War is the inspiration behind some of the most remarkable works of fiction that have ever been written. With so many facets of war to consider, from the military maneuvering to the ordinary people whose lives are affected by conflict, war sparks unforgettable, gritty, and emotional stories that have big feels. It is no surprise, then, that so much of the best fiction of all time is set during times of military conflict. In this list, we zero in to highlight contemporary novels that depict the perils of war.
These eight books reflect a wide array of wars across time and continents, from the American Civil War to the Iraq War. Many war novels focus on World War II, and while there are some WWII stories here, the lens is also focused on other wars. This list of the best books about the perils of war also includes several books that won prizes for their hands-down moving works of war fiction. Featuring a large range of characters, not just generals and soldiers but also widows, wives, refugees, and children, these stories focus on the ripple effects of the grueling machine of war. Through these eight stories, we witness the ways that war leaves everyday lives fraught, homes displaced, and warped by trauma forever.
Cold Mountain by Charles Frazier
Set during the American Civil War, National Book Award-winning Cold Mountain is a retelling of Homer’s The Odyssey. As the war closes, injured Confederate soldier Inman treks home, crisscrossing the charred lands that formed the battlegrounds for this bloody and destructive war. Inman is especially looking forward to reuniting with his love, Ada, who has had her fair share of drama trying to hold down their home. This lyrical novel shows the effects of war from the perspective of someone on the losing side.
The Kite Runner by Khaled Hosseini
This modern classic is set in Afghanistan across thirty turbulent years in the country’s history, from the decline of the Afghani monarchy to invading nations to the refugee crisis and the dominance of the Taliban regime. The story follows two friends — Amir and Hassan — who fall out and Amir’s epic quest to track down Hassan and atone for his mistakes years later. Just as important to the story is the father-son relationship between Amir and Baba, his powerful dad. The Kite Runner explores how war fractures friendship and family.
A Long Petal of the Sea by Isabel Allende
In the 1930s, civil war sweeps through Spain. After the fascist regime of General Franco seizes power, thousands of refugees flee the country. Among them are pregnant widow Roser and army doctor Victor, the brother-in-law to Roser’s late husband. Both characters find themselves on the SS Winnipeg destined for Chile and chartered by Chilean poet, Pablo Neruda. Allende has a gift for examining a macro crisis like a war through a micro perspective of the ordinary people caught up in history.
March by Geraldine Brooks
Geraldine Brooks’ March won the Pulitzer Prize, and it’s not hard to see why. This fascinating look at the American Civil War is seen through the eyes of March, the absent father in Louisa May Alcott’s beloved Little Women who has off been fighting for the North. Now, in March, we see the truth of March’s complicated feelings and fraught relationships. Gone is the idealized father his daughters and wife romanticize. Instead, readers get the gritty details of life during conflicts both personal and military.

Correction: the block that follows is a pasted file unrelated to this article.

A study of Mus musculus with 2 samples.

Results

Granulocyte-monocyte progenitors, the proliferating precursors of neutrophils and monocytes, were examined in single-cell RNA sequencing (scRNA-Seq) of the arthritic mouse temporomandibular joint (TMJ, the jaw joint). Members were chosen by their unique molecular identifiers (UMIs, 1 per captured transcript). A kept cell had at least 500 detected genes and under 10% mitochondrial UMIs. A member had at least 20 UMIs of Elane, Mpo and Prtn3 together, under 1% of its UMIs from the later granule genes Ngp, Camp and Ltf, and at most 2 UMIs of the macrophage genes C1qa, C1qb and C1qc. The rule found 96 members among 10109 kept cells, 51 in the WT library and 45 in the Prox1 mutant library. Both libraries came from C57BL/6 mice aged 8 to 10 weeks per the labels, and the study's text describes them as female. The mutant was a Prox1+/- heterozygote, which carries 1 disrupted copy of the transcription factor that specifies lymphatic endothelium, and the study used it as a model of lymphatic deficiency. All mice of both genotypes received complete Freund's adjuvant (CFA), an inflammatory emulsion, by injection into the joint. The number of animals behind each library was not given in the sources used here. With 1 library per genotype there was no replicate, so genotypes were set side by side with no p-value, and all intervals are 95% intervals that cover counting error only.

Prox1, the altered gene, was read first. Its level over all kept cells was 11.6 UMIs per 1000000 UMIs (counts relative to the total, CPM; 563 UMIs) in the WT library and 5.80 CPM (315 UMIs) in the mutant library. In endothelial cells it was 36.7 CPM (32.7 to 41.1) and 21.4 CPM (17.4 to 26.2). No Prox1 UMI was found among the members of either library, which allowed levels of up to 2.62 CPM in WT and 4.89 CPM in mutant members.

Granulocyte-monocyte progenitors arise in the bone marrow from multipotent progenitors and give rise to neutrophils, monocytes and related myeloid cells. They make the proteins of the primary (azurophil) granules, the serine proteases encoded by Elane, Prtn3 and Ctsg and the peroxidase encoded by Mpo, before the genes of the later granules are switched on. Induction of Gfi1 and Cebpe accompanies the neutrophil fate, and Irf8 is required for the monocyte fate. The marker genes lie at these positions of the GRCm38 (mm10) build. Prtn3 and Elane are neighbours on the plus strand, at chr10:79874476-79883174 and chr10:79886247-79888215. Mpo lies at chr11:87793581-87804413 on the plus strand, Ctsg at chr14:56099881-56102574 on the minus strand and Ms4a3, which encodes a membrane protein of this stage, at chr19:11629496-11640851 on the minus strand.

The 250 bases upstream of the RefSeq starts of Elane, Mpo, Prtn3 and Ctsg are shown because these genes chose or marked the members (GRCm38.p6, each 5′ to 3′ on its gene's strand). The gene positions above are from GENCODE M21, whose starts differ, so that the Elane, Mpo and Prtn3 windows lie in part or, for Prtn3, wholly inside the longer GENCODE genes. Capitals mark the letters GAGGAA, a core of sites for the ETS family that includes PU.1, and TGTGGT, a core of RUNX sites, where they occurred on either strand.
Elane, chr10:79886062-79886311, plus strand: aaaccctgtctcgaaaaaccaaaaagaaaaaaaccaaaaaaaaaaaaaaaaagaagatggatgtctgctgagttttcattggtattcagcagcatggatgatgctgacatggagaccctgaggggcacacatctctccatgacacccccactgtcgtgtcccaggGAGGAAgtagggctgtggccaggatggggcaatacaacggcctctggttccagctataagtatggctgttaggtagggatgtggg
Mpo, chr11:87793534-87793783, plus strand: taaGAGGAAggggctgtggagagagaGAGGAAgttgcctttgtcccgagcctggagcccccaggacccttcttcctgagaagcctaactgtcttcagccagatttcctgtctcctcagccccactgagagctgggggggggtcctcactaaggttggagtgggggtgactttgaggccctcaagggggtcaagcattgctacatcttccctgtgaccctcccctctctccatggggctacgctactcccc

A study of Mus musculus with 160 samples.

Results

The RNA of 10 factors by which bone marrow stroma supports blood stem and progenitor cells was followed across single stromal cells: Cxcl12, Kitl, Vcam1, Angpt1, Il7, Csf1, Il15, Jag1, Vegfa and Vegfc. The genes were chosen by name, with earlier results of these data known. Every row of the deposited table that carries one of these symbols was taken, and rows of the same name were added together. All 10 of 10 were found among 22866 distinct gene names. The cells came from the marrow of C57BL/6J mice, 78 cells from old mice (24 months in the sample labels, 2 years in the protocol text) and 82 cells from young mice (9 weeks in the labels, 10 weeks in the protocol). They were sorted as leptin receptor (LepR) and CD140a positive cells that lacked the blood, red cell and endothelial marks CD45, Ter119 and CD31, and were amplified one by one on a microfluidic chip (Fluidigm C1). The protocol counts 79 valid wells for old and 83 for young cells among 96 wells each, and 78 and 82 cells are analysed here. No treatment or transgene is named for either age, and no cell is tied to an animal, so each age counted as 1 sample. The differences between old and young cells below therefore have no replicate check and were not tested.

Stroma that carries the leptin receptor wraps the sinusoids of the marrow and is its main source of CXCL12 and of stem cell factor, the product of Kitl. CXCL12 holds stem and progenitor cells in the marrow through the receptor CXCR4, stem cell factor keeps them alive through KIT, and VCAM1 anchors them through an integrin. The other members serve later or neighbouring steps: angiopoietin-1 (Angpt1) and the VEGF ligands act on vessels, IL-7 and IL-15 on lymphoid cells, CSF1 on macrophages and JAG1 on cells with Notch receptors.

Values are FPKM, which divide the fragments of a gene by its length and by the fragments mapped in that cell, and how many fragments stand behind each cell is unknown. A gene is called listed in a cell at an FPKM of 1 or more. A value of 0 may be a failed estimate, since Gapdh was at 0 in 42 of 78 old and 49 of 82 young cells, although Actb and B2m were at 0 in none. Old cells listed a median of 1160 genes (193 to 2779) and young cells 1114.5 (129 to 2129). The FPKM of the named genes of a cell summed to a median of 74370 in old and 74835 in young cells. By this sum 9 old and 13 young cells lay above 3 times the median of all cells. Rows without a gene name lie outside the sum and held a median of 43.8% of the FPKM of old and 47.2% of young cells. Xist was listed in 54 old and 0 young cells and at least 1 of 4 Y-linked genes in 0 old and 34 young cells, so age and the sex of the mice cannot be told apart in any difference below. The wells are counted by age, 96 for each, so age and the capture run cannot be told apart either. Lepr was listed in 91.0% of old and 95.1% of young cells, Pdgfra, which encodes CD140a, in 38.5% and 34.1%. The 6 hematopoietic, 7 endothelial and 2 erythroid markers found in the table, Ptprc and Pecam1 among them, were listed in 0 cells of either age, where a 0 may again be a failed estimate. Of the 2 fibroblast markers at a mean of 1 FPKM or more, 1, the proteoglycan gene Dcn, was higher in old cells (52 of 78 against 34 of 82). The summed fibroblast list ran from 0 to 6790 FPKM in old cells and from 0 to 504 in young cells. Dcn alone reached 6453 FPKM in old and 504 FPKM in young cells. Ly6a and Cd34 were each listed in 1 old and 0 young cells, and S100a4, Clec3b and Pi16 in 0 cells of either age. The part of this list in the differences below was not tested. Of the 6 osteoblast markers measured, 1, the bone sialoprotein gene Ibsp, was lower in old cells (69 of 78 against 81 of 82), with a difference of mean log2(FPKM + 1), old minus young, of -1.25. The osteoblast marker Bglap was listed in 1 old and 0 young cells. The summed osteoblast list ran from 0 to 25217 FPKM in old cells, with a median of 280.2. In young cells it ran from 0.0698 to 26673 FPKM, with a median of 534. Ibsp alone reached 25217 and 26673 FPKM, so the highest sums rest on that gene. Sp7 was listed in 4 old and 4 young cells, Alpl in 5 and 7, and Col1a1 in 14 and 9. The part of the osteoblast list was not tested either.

The Storyteller by Jodi Picoult
This harrowing book intertwines two stories. First, that of Sage, a woman who chooses the deep morning hours of dawn to bake and be left in peace. Second, that of Jacob Warner, an elderly man in Sage’s support group for grievers who lived through WWII. As the two strike up a friendship, Jacob confesses a shocking secret that asks Sage to question her own morals and ethics. The Storyteller is as page-turning as it is provocative, showing that good and evil war is not always a clean cut.
Suite Française by Irène Némirovsky
Ukrainian author Irène Némirovsky died in Auschwitz before her work could be published. Fortunately, Némirovsky’s writings, like Suite Française, have been discovered and translated. Told in two parts, Suite Française opens in 1940 with newly occupied Paris as people depart for the countryside to escape the Nazi regime. In Part II Némirovsky sets her sights on a French country town that the Nazis have seized. Suite Française is a sobering look at life during military conflict at the height of evil’s rule.
The Sympathizer by Viet Thanh Nguyen
Viet Thanh Nguyen won the Pulitzer Prize for his unforgettable novel, The Sympathizer. Experience this breathtaking story and you’ll see why. Nguyen’s book traces a group of refugees from the Vietnam War who flee to America in 1975, focusing in particular on a North Vietnamese general in the South Vietnamese army who operates as a spy in his home country and again as a CIA agent in a South Vietnamese community that has settled in Los Angeles. The Sympathizer is a beautifully written war novel about the consequences of war.
Waiting for Eden by Elliot Ackerman
Eden Malcolm has been brutally injured in the Iraq War and now lives a fraught existence so wounded he cannot move or even speak. Narrating the novel is Eden’s friend, who didn’t survive the bomb that tore through Eden, as he looks down on Eden’s struggle. Meanwhile, Eden’s wife Mary dotes on him everyday, but even she questions whether Eden should have a peaceful death and mercy for his suffering. Waiting for Eden is a morally ambiguous story that challenges your ethics in the face of a sprawling war.